Harper Lee, the author of "To Kill a Mockingbird," is coming out with her first novel in more than 50 years.
The now 88-year-old Lee won the Pulitzer Prize back in 1961 for her beloved book.
"Mockingbird" sold more than 40 million copies worldwide and was turned into an Oscar-winning film, starring Gregory Peck.
Lee's new book is called "Go Set a Watchman," and while it has never been released, it's not exactly new. Lee wrote the book in the 1950s, even before she wrote "To Kill a Mockingbird."
"Mockingbird" is actually a prequel to "Watchman." "Watchman" features a grown-up Scout as she returns to her hometown of Maycomb, Alabama to visit her father, Atticus Finch.
['Go Set a Watchman'] features the character known as Scout as an adult woman, and I thought it a pretty decent effort. My editor, who was taken by the flashbacks to Scout's childhood, persuaded me to write a novel (what became 'To Kill a Mockingbird') from the point of view of the young Scout. I was a first-time writer, so I did as I was told. I hadn't realized it (the original book) had survived, so was surprised and delighted when my dear friend and lawyer Tonja Carter discovered it. After much thought and hesitation, I shared it with a handful of people I trust and was pleased to hear that they considered it worthy of publication. I am humbled and amazed that this will now be published after all these years.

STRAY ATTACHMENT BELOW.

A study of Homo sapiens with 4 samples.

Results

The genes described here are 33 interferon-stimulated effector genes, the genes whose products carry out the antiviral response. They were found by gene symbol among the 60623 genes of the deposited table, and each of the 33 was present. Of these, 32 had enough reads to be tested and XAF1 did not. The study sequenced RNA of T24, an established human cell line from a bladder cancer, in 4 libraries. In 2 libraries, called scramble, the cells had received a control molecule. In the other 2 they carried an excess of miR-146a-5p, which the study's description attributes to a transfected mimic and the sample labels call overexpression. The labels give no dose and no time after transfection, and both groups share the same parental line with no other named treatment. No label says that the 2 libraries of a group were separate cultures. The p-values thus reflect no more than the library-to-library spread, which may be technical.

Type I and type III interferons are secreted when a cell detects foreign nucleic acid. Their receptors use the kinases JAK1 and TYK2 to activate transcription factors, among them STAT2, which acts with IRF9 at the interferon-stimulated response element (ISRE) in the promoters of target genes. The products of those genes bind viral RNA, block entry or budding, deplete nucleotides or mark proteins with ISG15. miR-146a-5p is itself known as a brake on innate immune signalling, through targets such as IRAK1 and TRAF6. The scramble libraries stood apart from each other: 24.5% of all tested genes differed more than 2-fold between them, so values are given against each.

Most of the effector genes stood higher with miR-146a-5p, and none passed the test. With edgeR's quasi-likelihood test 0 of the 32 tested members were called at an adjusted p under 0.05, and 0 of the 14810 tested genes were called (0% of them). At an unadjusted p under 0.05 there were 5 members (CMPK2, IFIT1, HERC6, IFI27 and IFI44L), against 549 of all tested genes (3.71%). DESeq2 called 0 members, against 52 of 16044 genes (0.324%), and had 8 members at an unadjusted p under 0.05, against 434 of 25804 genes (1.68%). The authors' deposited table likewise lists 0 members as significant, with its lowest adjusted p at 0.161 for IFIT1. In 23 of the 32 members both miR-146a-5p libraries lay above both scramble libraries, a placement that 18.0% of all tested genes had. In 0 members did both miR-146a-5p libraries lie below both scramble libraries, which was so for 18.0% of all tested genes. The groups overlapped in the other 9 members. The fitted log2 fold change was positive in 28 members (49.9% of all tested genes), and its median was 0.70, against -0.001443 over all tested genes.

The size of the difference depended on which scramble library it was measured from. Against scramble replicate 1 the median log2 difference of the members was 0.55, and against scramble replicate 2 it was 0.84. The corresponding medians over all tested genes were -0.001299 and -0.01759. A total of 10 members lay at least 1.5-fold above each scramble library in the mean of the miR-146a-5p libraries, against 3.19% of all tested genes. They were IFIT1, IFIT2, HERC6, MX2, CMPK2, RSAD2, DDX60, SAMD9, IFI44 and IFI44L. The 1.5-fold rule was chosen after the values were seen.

The new book is set 20 years after the events of "To Kill a Mockingbird," in the 1950s. The publisher's announcement goes into some of the plot details of the novel. It reads,
Scout (Jean Louise Finch) has returned to Maycomb from New York to visit her father, Atticus. She is forced to grapple with issues both personal and political as she tries to understand her father's attitude toward society, and her own feelings about the place where she was born and spent her childhood.
I sure hope Boo Radley makes an appearance in the book. "Go Set a Watchman" will be released July 14.